May 21, 2006|Nick Owchar | Nick Owchar is deputy editor of Book Review.

MORE than a decade ago, a British nun with an overbite and a girlish voice became a TV sensation. Sister Wendy Beckett made paintings accessible to a mass audience the way that Leonard Bernstein made classical music interesting for children. Her approach was simple. "People who go to the museum are not asked, luky them, to hold forth about these works," she told an interviewer. "My struggle has been to let them know there is something there to respond to and for them to respond to."

"Something there." Codes have long been the stock in trade of classical artists, their way of leaving private signatures on works hanging in the palaces of the mighty. But Dan Brown and his imitators -- which include (though unfairly) Javier Sierra -- have taken Sister Wendy's "something there" and blown it to conspiracy-sized proportions.

Milan in the late 15th century is a conspiracy-ridden hot spot troubling the Vatican in Sierra's "The Secret Supper." Rome has many problems as the novel opens: Christian civilization is teetering between "Turkish hordes armed to the teeth" and European rulers "seduced by the beauty of all things pagan."

Then letters start arriving from an elusive figure called the Soothsayer; he warns that serious heresies are being committed by Leonardo da Vinci, who is working in Milan under the patronage of the city's duke, Ludovico Sforza. True to the picture given us by historians, Sierra's Pope Alexander VI is a conniving figure who fails to see how a painter can threaten his empire.

"Art is the most essential of your weapons, Holy Father!" one of his exasperated underlings tells him. "Have it always at your service and you'll dominate all of Christendom. Lose it, and your entire pastoral mission will fall to pieces."

Sent to Milan is the Dominican priest Agostino Leyre, a student of symbolism worthy of Umberto Eco's Brother William of Baskerville in "The Name of the Rose." Leyre arrives during one of the "cruelest winters in memory" and takes lodgings at the monastery Santa Maria delle Grazie, where Leonardo is painting his "Last Supper" in the refectory. The Soothsayer calls the painting an essential part of Ludovico's plan to create "a pagan republic in the very heart of Italy."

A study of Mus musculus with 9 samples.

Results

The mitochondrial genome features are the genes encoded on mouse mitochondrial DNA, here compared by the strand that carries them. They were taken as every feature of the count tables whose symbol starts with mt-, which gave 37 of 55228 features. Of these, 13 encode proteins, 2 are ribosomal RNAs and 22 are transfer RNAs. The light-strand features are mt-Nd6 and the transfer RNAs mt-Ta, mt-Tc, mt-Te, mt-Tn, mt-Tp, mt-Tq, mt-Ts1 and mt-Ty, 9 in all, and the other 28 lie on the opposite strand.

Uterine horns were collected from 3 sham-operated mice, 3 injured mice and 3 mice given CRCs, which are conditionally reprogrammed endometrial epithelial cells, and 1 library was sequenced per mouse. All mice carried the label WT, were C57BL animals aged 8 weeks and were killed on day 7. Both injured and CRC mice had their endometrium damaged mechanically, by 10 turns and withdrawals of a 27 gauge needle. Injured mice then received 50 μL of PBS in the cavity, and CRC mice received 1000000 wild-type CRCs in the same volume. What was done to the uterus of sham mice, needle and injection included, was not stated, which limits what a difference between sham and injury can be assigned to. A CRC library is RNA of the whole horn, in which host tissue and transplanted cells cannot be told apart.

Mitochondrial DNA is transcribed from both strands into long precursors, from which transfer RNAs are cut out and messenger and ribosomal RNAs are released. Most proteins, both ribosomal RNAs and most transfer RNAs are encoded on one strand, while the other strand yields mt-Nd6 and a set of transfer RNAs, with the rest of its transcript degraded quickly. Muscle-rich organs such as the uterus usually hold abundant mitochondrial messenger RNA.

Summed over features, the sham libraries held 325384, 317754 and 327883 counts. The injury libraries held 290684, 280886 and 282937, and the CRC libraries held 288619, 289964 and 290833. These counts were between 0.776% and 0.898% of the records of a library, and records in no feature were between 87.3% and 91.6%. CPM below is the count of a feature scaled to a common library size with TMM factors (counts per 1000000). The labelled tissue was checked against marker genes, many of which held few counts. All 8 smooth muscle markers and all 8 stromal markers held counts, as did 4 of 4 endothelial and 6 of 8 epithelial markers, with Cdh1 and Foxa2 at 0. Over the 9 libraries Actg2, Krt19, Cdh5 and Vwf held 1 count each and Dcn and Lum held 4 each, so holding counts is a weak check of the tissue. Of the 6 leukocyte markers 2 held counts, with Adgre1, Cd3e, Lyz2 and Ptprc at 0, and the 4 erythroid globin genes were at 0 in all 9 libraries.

Many of the clergy are uneasy about the painting. The arrangement of the figures, the choice of objects on the table and the apostles' body language shimmer with an aura of secret meanings in an age "in which every lord, every prince, every cardinal has so many things to hide from the others." Why, a monk asks, don't Christ and his apostles have halos? Another inquires: "[W]hat of the Eucharist? If this is, as he claims, the Last Supper, why does Christ not have before him the bread and the wine to consecrate? Where is the cup of the Holy Grail?" Sierra's prose is at its best as he probes the possible answers.

Some readers have complained that Dan Brown's storytelling isn't very good in "The Da Vinci Code" -- he uses too much gimmicky suspense, and encyclopedic chunks of information spill out of characters' mouths instead of credible dialogue. Sierra's narrative moves smoothly, fluidly, as Leyre hunts for the Soothsayer and studies the painting. His Leonardo is a smug genius who never gives a direct response to a direct question and adopts an unusual technique in the hope of protecting his painting. "Why do you think I'm painting it on a wall and not on a canvas?" the maestro asks his apprentices. "It's so that no one may unhook it or force me to redo it."

Sierra populates his narrative with predatory art dealers, sexually precocious young women and earnest, clear-eyed heretics -- all with agendas half-hidden and mysterious. Few murders occur, but when they do, they mirror biblical texts in the same way that deaths in Matthew Pearl's "The Dante Club" resemble the tortures of the damned in the "Inferno." The body of the monastery's librarian, for example, is found hanging from a window on Friday the 13th. The fact that he was helping Leyre and had modeled for the figure of Judas leads to obvious questions: Whom did he betray? Why was he punished Judas-like?

Sierra, a television personality in his native Spain, believes he is doing more than writing a novel, more than simply finding a useful mystery and designing a narrative to exploit it. In interviews and on his website, he explains that literature can solve genuine mysteries; his past novels have delved into enigmatic aspects of the Knights Templar, apparitions, Napoleon and the pyramids at Giza. The questions his characters ask about "The Last Supper" are clearly his own.